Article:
My parents depart for India today and I’m thinking about the wider implications of this. We’ve usually been on trips to the homeland at several yearly intervals whilst growing up. But in the last five years or so, as our lives have become more involved in the UK, our need to visit has dwindled. My parents have continued to go, whereas my sister and I have opted to stay behind. These days, there is very little for us to do there (unless we visit as tourists, but this is unlikely to happen with our parents). I realise that the journey is ultimately very important to them, but I wonder whether they consider it a visit home, or a visit to India.
Many first generation Indians, now NRIs, often speak about retiring in India. For me, this seems like a fantastic idea; to be given free reign of things here, whilst not having to worry about the nagging influence of parents. However, I do think about how realistic this might be – for both parties. We’re used to so many luxuries in this country, will they be able to live without them, the NHS, welfare system, emergency services, sewage networks, constant energy supply for example? Of course, one can adapt to a different way of being abroad, but when you’ve spent the best part of thirty years in England, or any other western country, you’re likely to feel a little torn. Still, on the bright side, it’s probably better than an uncertain nursing home or retirement village in a distant part of England. The sun is likely to shine a lot more, and you’re likely to enjoy the services of those you employ yourself.
The idea of my parents retiring abroad has been pitched to me by my dad as bliss. I wonder whether he’s considered the practicalities of looking after the administration of things in both countries. I think it would be good for him, but as I sit here filling in landing cards in advance for my parents, I do worry how they’ll cope without a little administration assistant. My dad’s ability to assert authority in India once used to help him a great deal, born out of a culture of back-scratching. Too bad it didn’t do so well here. As India modernises, he’s finding that traditional manners and modern methods of etiquette are doing just as well there and that he may find himself at a bit of a loss.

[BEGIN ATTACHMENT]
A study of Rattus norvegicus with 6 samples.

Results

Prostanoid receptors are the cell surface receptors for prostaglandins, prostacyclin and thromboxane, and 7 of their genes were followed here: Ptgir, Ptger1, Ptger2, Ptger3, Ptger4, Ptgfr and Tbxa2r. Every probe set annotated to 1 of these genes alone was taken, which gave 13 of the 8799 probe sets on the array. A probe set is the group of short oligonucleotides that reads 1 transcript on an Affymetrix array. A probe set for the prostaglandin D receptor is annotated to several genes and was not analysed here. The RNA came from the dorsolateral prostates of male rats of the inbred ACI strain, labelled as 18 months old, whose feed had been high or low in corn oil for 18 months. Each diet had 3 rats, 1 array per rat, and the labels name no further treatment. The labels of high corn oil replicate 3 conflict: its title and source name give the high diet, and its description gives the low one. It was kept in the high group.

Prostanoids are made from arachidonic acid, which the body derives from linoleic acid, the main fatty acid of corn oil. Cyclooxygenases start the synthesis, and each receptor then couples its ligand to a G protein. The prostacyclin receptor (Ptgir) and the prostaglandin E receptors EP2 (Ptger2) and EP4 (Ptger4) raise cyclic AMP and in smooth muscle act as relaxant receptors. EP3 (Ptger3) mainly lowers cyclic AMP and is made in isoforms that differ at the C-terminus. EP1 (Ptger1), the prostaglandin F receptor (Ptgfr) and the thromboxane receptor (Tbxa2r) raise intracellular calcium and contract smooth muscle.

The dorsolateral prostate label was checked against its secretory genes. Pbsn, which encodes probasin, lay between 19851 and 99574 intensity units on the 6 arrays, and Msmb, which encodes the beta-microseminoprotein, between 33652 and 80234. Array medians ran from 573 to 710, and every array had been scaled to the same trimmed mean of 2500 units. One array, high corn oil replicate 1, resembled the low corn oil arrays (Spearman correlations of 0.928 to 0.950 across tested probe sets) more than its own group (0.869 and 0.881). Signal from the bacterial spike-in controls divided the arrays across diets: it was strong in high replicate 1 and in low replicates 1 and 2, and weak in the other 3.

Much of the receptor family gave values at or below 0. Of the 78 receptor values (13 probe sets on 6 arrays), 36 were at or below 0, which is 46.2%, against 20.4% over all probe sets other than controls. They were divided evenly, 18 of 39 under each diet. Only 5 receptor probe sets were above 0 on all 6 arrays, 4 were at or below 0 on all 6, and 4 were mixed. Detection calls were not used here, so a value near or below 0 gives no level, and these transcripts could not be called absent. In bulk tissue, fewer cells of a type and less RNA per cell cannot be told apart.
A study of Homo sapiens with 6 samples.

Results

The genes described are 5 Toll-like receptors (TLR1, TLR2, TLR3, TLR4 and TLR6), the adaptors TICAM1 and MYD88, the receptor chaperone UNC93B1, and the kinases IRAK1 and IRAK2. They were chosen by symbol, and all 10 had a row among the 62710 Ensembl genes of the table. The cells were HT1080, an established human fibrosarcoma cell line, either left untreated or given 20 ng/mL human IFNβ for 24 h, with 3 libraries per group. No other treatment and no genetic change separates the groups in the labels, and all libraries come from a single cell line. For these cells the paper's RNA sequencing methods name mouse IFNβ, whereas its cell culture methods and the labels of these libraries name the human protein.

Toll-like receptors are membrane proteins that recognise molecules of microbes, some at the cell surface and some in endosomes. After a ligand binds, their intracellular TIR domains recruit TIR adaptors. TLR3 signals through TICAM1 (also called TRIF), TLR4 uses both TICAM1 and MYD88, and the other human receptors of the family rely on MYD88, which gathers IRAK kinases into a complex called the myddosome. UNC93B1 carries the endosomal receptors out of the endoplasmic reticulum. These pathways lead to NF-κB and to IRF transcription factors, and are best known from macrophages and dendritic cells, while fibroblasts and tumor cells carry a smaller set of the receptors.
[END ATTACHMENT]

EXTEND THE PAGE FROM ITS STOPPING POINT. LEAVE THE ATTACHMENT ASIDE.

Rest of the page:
The airline they’re travelling with specialises in Indian destinations. These days they’re allowing more and more baggage to be taken. So what would have ordinarily been two suitcases and two pieces of hand luggage has now been turned into three and a half suitcases (including two duvets) several hand me down items of clothing, which my mum thinks would be too much of a hassle for the Red Cross, and some old pieces of tech to keep some young cousins amused. I’m donating an old laptop. I wonder if I should be worried about the hard drive, but I’ll try not to let it bother me. With all of this in mind, you can’t help but wonder what little luxuries one might need if living in India?
When we were growing up, our parents always stressed the importance of having a second home. Should one day the prime minister turn out to be Idi Amin or something; this was highly unlikely, but we were always encouraged to have the thought at the back of our minds. My first thoughts ran to how on earth we’re going to get broadband set up in our house and that I might have to move to Mumbai or Delhi to get a decent job, but perhaps I could go there and set up my own media empire and so on. As I let my thoughts run away with me, I realised that a lot of the comforts I was seeking in my imaginary world abroad, were luxuries that I’d been accustomed to in my NRI state of mind, and that it may be possible to live a sort of good life without them. Emphasis on the ‘may be’.
Although in the right environments in India, you’re very likely to meet like-minded people, so perhaps this wasn’t such a far-fetched ideal. In retrospect, I realised that it wouldn’t be the same for my parents. They’d have to get used a network of friends and family that has grown very much set to their own ways. Will they really be able to find their equals in the same friends and family that they grew up with, or will they need the familiarity of NRI co-workers, neighbours and friends who have lived in England for the best part of their lives like they have?